A Wallet-Sized Code of Ethics

Putting trust and responsibility in the hands of front-line workers means having a strong ethical grounding.
by | May 5, 2010

You hate bureaucracy -- or else you wouldn't be reading Management Insights. You particularly hate the aspect of bureaucracy as defined by the American Heritage Dictionary: An administrative system in which the need or inclination to follow rigid or complex procedures impedes effective action.

It's dehumanizing. The bureaucratic system is founded on rules, supervision and enforcement by specialists and inspectors general to make sure workers follow the rules, even when they deviate from common sense.

You want to move beyond it, and in these days of crushing budget pressures you have to move beyond it. But moving beyond it means shifting to a different form of control, one based on a strong sense of mission and a culture of trust, with authority and responsibility shifted from the few at the top to the many front-line workers.

This shift also requires that your organization have a strong ethical grounding. Ethics must replace the missing rules, but in many organizations what passes for ethics is merely another set of rules to comply with, and ethics training usually consists of badgering workers about bribery, conflict of interest and favoritism.

The International City/County Management Association has a pretty good code of ethics except that it's 2000 words long, has a 3200-word supplementary "Rules of Procedure for Enforcement," and is written by lawyers or at least by people who have mastered esoteric, lawyerly writing. Most people can't live by the ICMA code because they simply can't remember any of it.

Ethical grounding of an organization demands a statement of principles that its members can understand and remember. It should be no longer than what you can fit on a wallet-sized card. Here's one I've come up with. You're welcome to change "Metropolis" to your jurisdiction, and then use it and/or amend it as needed:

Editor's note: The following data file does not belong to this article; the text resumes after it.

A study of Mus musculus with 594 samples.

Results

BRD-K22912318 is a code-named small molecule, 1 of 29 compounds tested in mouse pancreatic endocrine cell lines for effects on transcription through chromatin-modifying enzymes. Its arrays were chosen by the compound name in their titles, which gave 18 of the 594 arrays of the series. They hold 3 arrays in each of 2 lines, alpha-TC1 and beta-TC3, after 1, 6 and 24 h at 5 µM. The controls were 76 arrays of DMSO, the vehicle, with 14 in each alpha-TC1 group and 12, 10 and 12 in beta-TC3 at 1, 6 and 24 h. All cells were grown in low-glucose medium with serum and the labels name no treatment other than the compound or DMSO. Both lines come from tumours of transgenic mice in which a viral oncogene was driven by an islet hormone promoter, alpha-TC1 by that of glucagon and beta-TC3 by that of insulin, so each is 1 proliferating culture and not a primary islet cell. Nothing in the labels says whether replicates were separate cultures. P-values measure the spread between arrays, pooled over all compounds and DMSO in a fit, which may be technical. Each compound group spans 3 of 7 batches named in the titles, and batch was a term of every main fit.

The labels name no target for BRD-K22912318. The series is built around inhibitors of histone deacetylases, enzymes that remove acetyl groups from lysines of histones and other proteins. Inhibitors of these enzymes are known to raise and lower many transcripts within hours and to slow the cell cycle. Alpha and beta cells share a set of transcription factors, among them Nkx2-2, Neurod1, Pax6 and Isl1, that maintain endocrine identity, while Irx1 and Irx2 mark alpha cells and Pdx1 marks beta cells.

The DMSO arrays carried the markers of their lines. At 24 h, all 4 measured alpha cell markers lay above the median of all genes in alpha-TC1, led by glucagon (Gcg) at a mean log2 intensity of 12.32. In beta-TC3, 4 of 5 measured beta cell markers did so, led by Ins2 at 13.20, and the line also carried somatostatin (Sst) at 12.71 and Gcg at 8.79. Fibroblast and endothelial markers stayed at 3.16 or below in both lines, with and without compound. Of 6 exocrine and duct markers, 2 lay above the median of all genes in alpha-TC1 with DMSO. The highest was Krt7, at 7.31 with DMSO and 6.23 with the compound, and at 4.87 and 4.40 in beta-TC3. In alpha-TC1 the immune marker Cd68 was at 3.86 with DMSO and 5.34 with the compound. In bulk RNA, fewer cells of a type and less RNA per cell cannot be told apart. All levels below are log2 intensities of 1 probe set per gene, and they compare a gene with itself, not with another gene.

When you've decided on the principles particular to your organization, print up wallet-size cards and give them to everybody -- workers, customers, voters, etc. But don't stop there. I wrote in an earlier Management Insights article that a leader must be a teacher of ethics, and you can't just teach by example. You've got to talk about -- and get your team members to talk about --the ethics of every day issues. Should I argue with the boss? Should I give negative feedback to a co-worker? Should I give an unsolicited opinion?

The combination of the little cards and the talk will affect the behavior of people throughout the organization, including people you may never have the chance to meet. Workers usually want to do what's expected of them; unfortunately too few bosses make their expectations clear. You will.

Here's what to do next:

  1. Decide on your organization's principles of ethical behavior;
  2. Print wallet-size cards (plastic is best) and hand them out like crazy;
  3. And look for coachable moments to align people with the principles.